In the ever-evolving world of anti-money laundering firms are under more pressure and scrutiny than ever before, especially when it comes to verifying the identity of customers. In this blog, we will consider the regulator’s increased focus on KYC verification and examine scenarios where verifying an individual or entity may pose greater difficulty.
Her Majesty’s Treasury published a consultation paper on the UK’s transposition efforts relating to the EU’s 5th Money Laundering Directive (5MLD) earlier this year. The Directive will come into force on 10th January 2020 and contains enhancements to the existing provisions as mandated by the EU’s 4th Money Laundering Directive (4MLD) which was implemented in the UK through the Money Laundering Regulations 2017.
With less than 4 months to go, you should be considering how the proposed changes will impact your business and whether your current approach to financial crime risk management is adequate.
Under PSD2, payment services providers across the EU are required to provide statistical data on fraud to their respective competent authority.
In the UK, relevant firms are required to collect and submit data on the volume and value of all payment transactions, as well as the volume and value of fraudulent transactions, and provide this to the FCA through Gabriel using the REP017 report; this information is in turn aggregated and shared with the European Banking Authority and the European Central Bank.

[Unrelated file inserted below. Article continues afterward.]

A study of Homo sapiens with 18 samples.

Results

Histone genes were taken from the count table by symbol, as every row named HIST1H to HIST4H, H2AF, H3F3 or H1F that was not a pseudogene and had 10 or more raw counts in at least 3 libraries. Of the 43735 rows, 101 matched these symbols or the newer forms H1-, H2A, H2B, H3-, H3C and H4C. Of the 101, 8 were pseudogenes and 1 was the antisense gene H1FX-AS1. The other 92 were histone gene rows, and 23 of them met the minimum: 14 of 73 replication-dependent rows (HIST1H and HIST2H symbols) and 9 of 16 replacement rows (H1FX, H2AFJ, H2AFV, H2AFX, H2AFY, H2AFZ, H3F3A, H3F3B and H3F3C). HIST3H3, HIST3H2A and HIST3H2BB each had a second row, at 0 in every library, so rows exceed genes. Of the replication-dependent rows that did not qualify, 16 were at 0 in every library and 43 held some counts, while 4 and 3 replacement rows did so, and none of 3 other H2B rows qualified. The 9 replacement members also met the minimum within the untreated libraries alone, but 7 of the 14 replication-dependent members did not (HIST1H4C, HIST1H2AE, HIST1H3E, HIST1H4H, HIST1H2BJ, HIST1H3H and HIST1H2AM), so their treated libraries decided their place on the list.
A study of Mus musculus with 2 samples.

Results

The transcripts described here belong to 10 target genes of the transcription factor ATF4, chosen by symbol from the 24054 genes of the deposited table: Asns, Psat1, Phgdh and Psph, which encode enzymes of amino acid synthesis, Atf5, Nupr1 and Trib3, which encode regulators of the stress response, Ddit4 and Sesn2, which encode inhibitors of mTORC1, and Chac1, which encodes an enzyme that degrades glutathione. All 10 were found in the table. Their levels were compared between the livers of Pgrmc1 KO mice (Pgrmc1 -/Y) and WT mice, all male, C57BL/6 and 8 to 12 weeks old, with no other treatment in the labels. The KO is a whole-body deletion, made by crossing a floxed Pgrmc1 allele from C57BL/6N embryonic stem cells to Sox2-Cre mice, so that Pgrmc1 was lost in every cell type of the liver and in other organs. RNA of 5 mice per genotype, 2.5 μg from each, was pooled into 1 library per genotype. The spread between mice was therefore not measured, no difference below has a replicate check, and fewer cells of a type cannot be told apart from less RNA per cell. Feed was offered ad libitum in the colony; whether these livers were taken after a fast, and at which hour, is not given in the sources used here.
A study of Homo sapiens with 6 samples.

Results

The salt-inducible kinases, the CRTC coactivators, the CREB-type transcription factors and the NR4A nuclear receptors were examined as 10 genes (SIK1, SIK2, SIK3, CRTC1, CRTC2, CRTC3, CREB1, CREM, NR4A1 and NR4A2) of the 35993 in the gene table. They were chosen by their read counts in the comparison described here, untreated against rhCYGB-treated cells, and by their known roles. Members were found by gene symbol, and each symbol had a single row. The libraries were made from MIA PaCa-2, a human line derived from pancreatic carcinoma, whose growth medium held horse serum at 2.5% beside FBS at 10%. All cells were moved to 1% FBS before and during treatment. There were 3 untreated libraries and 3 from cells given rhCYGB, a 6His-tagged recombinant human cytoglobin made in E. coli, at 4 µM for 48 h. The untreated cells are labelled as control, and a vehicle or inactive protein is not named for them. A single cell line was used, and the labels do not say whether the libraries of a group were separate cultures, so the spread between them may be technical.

Back in January, we released a blog to provide an overview of the FCA’s interim REP017 report to cover the reporting period between 13 January to 31 December 2018. However, since then, the FCA has released an updated and much expanded REP017 report (with most PSPs being switched to a bi-annual reporting period).
As with our last one, this blog aims to give a high-level overview of who REP017 applies to, what transactions it captures and how the data on fraudulent transactions need to be categorised; we will also detail the key changes in approach since then.
Broken down to its most basic level, an audit is a method by which firms seek an external opinion on their policies, procedures, systems and controls. Rather than an exercise in detecting shortcomings and failures, the process of a compliance audit should be viewed as a means of testing an AML/CTF framework to identify opportunities to undertake enhancements as well as highlighting any issues. In essence, the intention is to provide assurance that the firm is operating in an compliant manner within its own specific regulatory framework.
For the first time, the US Office of Foreign Assets Control (OFAC) has reached out to provide guidance to firms on creating and maintaining an effective sanctions risk mitigation framework. The guidance is primarily based on the essential criteria which OFAC regards as the tools necessary for firms to achieve their business aims, whilst also mitigating the inherent sanctions risks facing them.
Last month Standard Chartered bank agreed to pay a $1.1 billion for both Anti-Money Laundering and Sanctions violations. This blog is an overview of the bank’s failures in relation to both cross-border violations and what they mean for firms.